Middle of the pack. Actually, a shade on the wrong side of the middle of the pack. That’s how the latest national report ranks our state when it comes to the senior health. Arizona checked in at number 31 overall.
Arizona fell eight points in this year’s senior report from America’s Health Ranking, tying with Florida at No. 31 in the country for the states with the healthiest seniors.
The report looked at 34 different measures, including individual behavior, community wellness and how prepared a city is to care for the elderly.
Although Arizona ranked 31st in the report, it ranked number one in hospice care and succeeded in prescription drug coverage. More than 87 percent of seniors who live in Arizona have prescription drug coverage.
According to the KTAR story, one of the areas where Arizona did not fare well was flu vaccinations among the elderly. “Only 53 percent of seniors in Arizona got their flu shot last year.”
The healthiest state for seniors is Utah, followed by Hawaii, New Hampshire, Minnesota and Colorado. The states with the lowest ranking for older adults are Louisiana, Mississippi, Kentucky, Arkansas and Oklahoma. McKnightsSeniorLiving.com wrote that while social isolation and the suicide rate among seniors are both key issues in the report, another is rural health disparities.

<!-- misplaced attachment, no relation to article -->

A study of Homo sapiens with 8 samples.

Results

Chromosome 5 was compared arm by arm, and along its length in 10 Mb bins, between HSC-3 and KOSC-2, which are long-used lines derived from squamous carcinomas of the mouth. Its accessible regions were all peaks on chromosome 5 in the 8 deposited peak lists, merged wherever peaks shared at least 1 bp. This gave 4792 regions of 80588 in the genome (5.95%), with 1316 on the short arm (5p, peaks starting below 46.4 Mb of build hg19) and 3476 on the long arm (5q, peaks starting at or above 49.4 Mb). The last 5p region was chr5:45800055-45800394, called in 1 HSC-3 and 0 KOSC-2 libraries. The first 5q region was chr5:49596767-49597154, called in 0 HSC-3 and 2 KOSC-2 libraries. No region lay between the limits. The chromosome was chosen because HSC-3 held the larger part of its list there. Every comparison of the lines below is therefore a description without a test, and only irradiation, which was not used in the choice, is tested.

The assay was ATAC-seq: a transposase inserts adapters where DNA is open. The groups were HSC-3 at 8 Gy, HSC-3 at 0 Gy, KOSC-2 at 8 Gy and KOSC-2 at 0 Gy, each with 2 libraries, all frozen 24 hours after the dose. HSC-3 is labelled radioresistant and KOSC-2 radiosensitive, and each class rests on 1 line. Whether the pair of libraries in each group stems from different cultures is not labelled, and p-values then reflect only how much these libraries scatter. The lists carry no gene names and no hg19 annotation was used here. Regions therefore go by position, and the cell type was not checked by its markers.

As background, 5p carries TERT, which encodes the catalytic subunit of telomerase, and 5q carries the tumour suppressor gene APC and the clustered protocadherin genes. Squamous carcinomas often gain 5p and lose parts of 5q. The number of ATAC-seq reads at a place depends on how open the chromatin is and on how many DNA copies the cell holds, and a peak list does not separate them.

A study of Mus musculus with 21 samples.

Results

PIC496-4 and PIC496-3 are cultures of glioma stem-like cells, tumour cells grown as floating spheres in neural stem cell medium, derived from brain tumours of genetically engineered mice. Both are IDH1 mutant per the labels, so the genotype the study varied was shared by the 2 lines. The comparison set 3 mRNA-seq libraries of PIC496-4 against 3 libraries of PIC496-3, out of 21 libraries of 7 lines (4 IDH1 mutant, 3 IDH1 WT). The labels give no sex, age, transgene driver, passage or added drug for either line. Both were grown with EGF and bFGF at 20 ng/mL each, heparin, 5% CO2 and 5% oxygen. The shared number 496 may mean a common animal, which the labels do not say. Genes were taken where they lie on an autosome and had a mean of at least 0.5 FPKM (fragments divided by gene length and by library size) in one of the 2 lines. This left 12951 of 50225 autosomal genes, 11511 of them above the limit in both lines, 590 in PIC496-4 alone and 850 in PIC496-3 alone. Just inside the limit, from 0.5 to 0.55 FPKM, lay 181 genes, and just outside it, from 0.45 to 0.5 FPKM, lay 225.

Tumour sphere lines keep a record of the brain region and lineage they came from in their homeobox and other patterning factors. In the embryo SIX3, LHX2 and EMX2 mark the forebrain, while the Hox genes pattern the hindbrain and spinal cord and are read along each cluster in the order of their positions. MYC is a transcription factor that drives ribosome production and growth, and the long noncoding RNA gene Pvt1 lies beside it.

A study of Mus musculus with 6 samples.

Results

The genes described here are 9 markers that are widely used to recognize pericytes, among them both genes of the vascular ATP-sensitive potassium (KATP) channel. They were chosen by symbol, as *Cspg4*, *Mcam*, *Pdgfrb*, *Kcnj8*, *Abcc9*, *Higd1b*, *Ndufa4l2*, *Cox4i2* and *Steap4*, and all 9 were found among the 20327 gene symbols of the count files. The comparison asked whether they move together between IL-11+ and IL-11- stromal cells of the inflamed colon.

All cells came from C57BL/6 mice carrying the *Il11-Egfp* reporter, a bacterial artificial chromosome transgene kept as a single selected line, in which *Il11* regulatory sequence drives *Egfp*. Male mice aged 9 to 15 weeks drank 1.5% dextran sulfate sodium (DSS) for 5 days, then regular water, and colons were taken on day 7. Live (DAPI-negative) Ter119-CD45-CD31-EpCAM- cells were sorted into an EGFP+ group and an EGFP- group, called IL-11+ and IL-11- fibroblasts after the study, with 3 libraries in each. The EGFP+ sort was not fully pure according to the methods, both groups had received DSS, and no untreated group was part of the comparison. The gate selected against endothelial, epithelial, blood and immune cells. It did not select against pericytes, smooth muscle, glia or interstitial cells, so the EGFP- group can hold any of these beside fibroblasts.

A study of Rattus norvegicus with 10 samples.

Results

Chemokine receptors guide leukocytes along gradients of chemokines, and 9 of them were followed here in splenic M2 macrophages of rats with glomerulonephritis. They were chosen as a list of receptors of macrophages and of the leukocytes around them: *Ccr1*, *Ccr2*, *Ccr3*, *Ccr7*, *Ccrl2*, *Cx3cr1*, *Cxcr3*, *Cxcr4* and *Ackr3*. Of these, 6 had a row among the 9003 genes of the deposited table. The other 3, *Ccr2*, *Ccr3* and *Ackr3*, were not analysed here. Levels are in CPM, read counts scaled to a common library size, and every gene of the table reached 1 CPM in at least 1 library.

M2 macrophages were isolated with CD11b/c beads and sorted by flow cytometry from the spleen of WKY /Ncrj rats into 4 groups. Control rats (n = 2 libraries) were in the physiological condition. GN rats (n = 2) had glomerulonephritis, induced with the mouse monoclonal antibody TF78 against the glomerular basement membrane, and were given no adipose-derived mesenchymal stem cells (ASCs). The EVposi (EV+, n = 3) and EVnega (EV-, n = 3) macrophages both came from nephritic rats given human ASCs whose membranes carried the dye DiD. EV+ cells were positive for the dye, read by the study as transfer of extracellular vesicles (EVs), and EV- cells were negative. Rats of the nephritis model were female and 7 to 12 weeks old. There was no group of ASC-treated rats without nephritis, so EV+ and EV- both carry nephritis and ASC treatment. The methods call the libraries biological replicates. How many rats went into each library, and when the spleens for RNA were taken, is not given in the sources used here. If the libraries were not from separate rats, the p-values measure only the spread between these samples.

A major finding of this year’s report was that rural senior citizens have poorer outcomes compared with their urban and suburban peers. Rural seniors, for instance, are more likely to report a fall (32.4% compared to 28.5% in suburban areas and 29.5% in urban areas) and less likely to report receiving a flu vaccination than urban seniors (57.2% versus 61.4%, respectively), the authors said.
BusinessWire.com added several key findings in the report related to rural seniors, including:
- more likely to be physically inactive (34.3 percent compared to 30.4 percent in suburban areas and 30.1 percent in urban areas); and
- more likely to report a fall (32.4 percent compared to 28.5 percent in suburban areas and 29.5 percent in urban areas); and
- 7 percent less likely to report receiving a flu vaccination than urban seniors (57.2 percent vs. 61.4 percent, respectively); and
- less likely to receive health screenings compared with both suburban and urban seniors (66.4 percent vs. 74.3 percent and 75.3 percent, respectively).
We’d love to hear your thoughts about the report and how Arizona can help the seniors living in our state lead a healthier and happier lifestyle. We’d also like to know what you think can be done to help us climb a little higher in next year’s rankings. Generating meaningful dialogue around the health stories making headlines is another way we are working toward our long-term goal of one day making Arizona the Healthiest State in the Nation!